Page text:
We work with varying clients on a range of projects, each of which presents its own set of unique challenges. We find that the best way of overcoming issues is by getting a better idea of the story behind a build. This could mean discussing the logistics of a 200 plot development, or understanding the specific vision behind of a self-build.
Today’s case study concerns a self-build in Attleborough, Norfolk.
We first heard about John Cuthbert’s project when we received a quotation request via our web form. The project required a block and beam floorfor a new dwelling. Like many of the self-build projects that we are asked to work on, John’s was not as straight forward as first supposed but we are pleased to hear that things are now progressing steadily.
The story below, kindly penned by Laura Cuthbert, gives an insight into carrying out a block and beam installation independently, and may be useful to any readers that are planning on carrying out their own build in the future.
Our self-build project was driven by the need for more accommodation. Spiralling house prices coupled with the cost of moving made this look a viable project and with the help of our architect Andrew Matthews of ADM Architectural Services we were able to secure planning permission to develop at the rear of an existing garage and workshop.
We had originally planned to develop the garage, but this proposal has made the build a whole lot easier and ultimately allowed us to retain the garage and raise the height to provide additional storage. With building regulations passed we were ready for phase one of the build, the footings, only to receive the dreaded phone call from the ground workers that the footings had failed due to a large oak tree that was within 10m.
Our building Inspector provided 2 solutions either dig the footings deeper ie. 2 metres or build a raft.
On the advice of our structural engineer Simon of Plandescil the raft appeared to be the most costly of the options, so we decided to dig the footings 2 metres deep where they are within 10m of the tree and then step 300mm at 2metre intervals. I have to say that re-digging footings is a lot harder that doing it right the first time and spending time in the bucket cleaning out the corners was not an experience I’d like to repeat. Still with the footings dug and 16 cubic metres of concrete later the footings were complete.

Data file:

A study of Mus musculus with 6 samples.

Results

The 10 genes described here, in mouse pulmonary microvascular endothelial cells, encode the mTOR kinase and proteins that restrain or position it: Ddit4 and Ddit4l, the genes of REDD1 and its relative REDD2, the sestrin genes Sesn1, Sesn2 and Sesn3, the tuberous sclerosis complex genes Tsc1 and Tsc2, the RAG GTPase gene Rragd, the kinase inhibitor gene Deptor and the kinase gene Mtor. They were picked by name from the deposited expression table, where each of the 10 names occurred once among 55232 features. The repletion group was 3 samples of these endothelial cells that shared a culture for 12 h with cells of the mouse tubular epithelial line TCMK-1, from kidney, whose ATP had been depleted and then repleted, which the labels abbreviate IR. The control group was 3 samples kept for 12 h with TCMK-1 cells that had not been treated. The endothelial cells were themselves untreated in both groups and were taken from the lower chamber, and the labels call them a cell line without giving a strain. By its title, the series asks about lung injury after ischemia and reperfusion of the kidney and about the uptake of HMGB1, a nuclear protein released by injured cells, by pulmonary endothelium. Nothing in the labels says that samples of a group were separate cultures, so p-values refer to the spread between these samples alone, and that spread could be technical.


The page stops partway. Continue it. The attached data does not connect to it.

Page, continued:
Next step was to install a beam floor, so after some research, found out what this entailed then contacted suppliers for their expertise.
We chose Floorspan Contracts from Wisbech who provided us with an excellent customer focused service. Despite my many alterations, forgetting to mention the 3 inch York stone flooring and AGA the staff were always very accommodating, and I honestly felt that nothing was too much trouble. Once the design was finally signed off the floor was delivered on time and was surprisingly easy to install with the comprehensive instructions provided.
As you can see two months on the problems with the footings are all a very distant memory and we are now at first floor level with attic trusses being installed. I can wholeheartedly recommend Richard from Enviro Timber Engineering who provided an excellent bespoke service for our build.
So, what’s next? Getting watertight for winter is our next priority...”
We are really please to have worked with John and Laura on this project and would urge any that are thinking about carrying out a similar project to follow their example- combining careful planning and research with a problem-solving attitude to unforeseen problems. Floorspan do offer an installation service, that many of our self-build customers utilise as a cost-effective way of ensuring peace of mind. However, we are glad that, in this case, self-installation worked out for the best and we hope to see pictures of the completed home in the coming months.